8 best Japanese whiskies

Inspired by the Scottish but distinctively innovative, head east for some of the world's finest dram

When asked about whisky and where to get it from, your average Joe will tell you that Scotland is the home of whisky, and that the nation has a monopoly on the mysterious, ancient art of distilling. 

However, in the last couple of years, we have seen a seismic shift in the production of whisky. There has been a surge in the Far East, with the Japanese now producing world-leading whiskies, with two powerhouses leading the charge: Nikka and Suntory. 

These two prominent distilleries are the foremost in Japanese whisky production, with the latter also owning various American expressions such as Jim Beam. Nikka was founded by Masataka Taketsuru, a Japanese man that apprenticed in Scottish whisky distilleries for two years before returning to Japan in 1920, releasing the first Nikka whisky in 1940. Suntory whisky was founded by Shinjiro Torii, another lover of Scotch whisky. The first Suntory release in 1929 flopped but just shy of a century on his vision of subtle, refined and complex Japanese whisky has been more than realised. Both distilleries are aided primarily by their youth, taking inspiration from the Scots and the Irish, but constantly innovating new concepts and perfecting their recipes.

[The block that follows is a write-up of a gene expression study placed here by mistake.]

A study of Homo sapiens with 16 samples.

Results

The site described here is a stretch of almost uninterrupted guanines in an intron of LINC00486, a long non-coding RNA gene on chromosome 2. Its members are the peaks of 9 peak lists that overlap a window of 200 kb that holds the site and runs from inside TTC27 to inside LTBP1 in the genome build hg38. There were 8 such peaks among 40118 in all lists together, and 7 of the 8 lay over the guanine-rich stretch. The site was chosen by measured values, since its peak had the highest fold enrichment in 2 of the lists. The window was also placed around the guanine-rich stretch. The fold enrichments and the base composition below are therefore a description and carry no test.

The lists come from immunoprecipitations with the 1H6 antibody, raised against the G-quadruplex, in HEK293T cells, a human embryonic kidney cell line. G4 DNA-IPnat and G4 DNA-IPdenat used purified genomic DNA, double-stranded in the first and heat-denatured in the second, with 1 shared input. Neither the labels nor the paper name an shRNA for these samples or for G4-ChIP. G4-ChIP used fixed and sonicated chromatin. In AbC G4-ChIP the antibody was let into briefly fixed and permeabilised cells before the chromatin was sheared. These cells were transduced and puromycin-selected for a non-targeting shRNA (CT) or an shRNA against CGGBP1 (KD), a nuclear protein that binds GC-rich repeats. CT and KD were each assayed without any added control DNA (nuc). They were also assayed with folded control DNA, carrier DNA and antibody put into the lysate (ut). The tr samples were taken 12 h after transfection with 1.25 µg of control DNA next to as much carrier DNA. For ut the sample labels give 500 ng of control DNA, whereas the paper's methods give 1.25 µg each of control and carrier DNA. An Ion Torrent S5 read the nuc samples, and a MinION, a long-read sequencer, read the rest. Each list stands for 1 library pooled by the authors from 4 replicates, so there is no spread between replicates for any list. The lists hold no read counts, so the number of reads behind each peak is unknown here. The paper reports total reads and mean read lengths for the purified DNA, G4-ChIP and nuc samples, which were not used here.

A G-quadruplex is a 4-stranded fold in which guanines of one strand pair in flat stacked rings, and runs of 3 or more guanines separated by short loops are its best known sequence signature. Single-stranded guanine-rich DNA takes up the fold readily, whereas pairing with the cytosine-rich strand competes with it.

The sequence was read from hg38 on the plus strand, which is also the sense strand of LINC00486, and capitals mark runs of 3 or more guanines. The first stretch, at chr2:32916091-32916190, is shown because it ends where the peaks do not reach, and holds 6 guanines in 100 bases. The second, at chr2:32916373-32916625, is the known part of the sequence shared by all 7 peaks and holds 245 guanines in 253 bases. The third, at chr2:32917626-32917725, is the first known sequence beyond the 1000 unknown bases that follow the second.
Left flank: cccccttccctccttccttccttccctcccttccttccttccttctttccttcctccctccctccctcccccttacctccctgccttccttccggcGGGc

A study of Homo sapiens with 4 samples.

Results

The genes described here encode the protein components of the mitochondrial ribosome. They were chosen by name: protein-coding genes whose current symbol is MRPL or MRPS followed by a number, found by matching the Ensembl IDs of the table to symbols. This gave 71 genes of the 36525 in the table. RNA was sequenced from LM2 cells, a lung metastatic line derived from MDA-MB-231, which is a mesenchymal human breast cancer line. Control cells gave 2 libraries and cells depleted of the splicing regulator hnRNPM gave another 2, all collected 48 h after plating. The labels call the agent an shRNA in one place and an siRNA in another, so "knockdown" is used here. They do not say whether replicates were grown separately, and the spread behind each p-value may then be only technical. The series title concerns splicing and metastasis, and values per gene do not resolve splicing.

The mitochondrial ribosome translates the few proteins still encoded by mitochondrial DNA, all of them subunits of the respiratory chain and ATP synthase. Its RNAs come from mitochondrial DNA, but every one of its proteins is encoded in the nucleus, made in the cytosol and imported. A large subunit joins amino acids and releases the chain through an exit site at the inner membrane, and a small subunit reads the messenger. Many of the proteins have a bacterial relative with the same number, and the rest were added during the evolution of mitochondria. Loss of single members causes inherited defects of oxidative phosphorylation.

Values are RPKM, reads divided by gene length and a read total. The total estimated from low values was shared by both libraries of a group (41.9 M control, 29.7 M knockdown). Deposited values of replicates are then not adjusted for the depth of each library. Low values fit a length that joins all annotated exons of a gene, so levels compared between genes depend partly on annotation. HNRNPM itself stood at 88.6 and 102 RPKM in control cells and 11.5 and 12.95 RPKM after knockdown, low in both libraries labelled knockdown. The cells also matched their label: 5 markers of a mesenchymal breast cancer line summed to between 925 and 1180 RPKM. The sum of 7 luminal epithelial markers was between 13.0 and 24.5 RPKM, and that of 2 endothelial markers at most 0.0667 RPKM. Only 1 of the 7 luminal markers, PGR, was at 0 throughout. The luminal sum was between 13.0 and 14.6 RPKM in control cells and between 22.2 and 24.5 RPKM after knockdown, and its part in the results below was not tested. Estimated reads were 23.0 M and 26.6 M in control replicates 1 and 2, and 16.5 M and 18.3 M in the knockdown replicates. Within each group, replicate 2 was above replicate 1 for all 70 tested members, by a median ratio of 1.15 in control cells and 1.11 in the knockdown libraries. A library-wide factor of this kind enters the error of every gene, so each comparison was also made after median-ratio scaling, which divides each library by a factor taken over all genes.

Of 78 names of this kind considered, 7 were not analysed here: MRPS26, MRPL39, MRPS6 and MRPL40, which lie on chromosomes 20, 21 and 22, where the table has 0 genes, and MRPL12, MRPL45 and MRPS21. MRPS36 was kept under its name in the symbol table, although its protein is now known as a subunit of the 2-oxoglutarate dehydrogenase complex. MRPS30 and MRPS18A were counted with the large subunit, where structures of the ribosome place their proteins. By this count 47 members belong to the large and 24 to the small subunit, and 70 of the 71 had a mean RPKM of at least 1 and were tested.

We prefer whisky with a drop

of water – and that is our suggestion for each of these whiskies, unless stated otherwise. In complex whiskies a drop of water can help unlock the flavours for a rounder, more satisfying finish. We’re also going to refer a lot to the nose, palate and then finish of a whisky. For any novices out there, the nose is the name given to the aromas a whisky gives off, and you will notice different scents depending on where you smell the glass. The palate is the taste you get from rolling the whisky around your tongue, while the finish is the lingering flavour you get after swallowing – the finish will develop and morph as the flavour decays.  

As a final aside, you’ll notice that we’ve referred to Japanese whisky as opposed to Japanese whiskey. An 'e' is added to the word when describing an Irish or American bottle, but the common consensus is that owing to the heavy Scotch influence on the Japanese whisky industry, it should be afforded the same terminology – so without that extra letter. A small but important distinction.



The Japanese have thoroughly cemented their place on the world whisky stage, rightfully earning this spot with the fantastic whiskies we mentioned and many more that we have not. The only trouble they have at the moment is supply, as many of the finest bottles are regularly out of stock and you have to keep a keen ear to the ground. We’d recommend the Yoichi Single Malt as the Best Buy – there are few whiskies on the market that can rival it in its price range and it does an excellent job of showcasing Japanese whisky. Seeing as it was produced in order to save Nikka’s threadbare stocks, you should always be able to find a bottle in stock, too.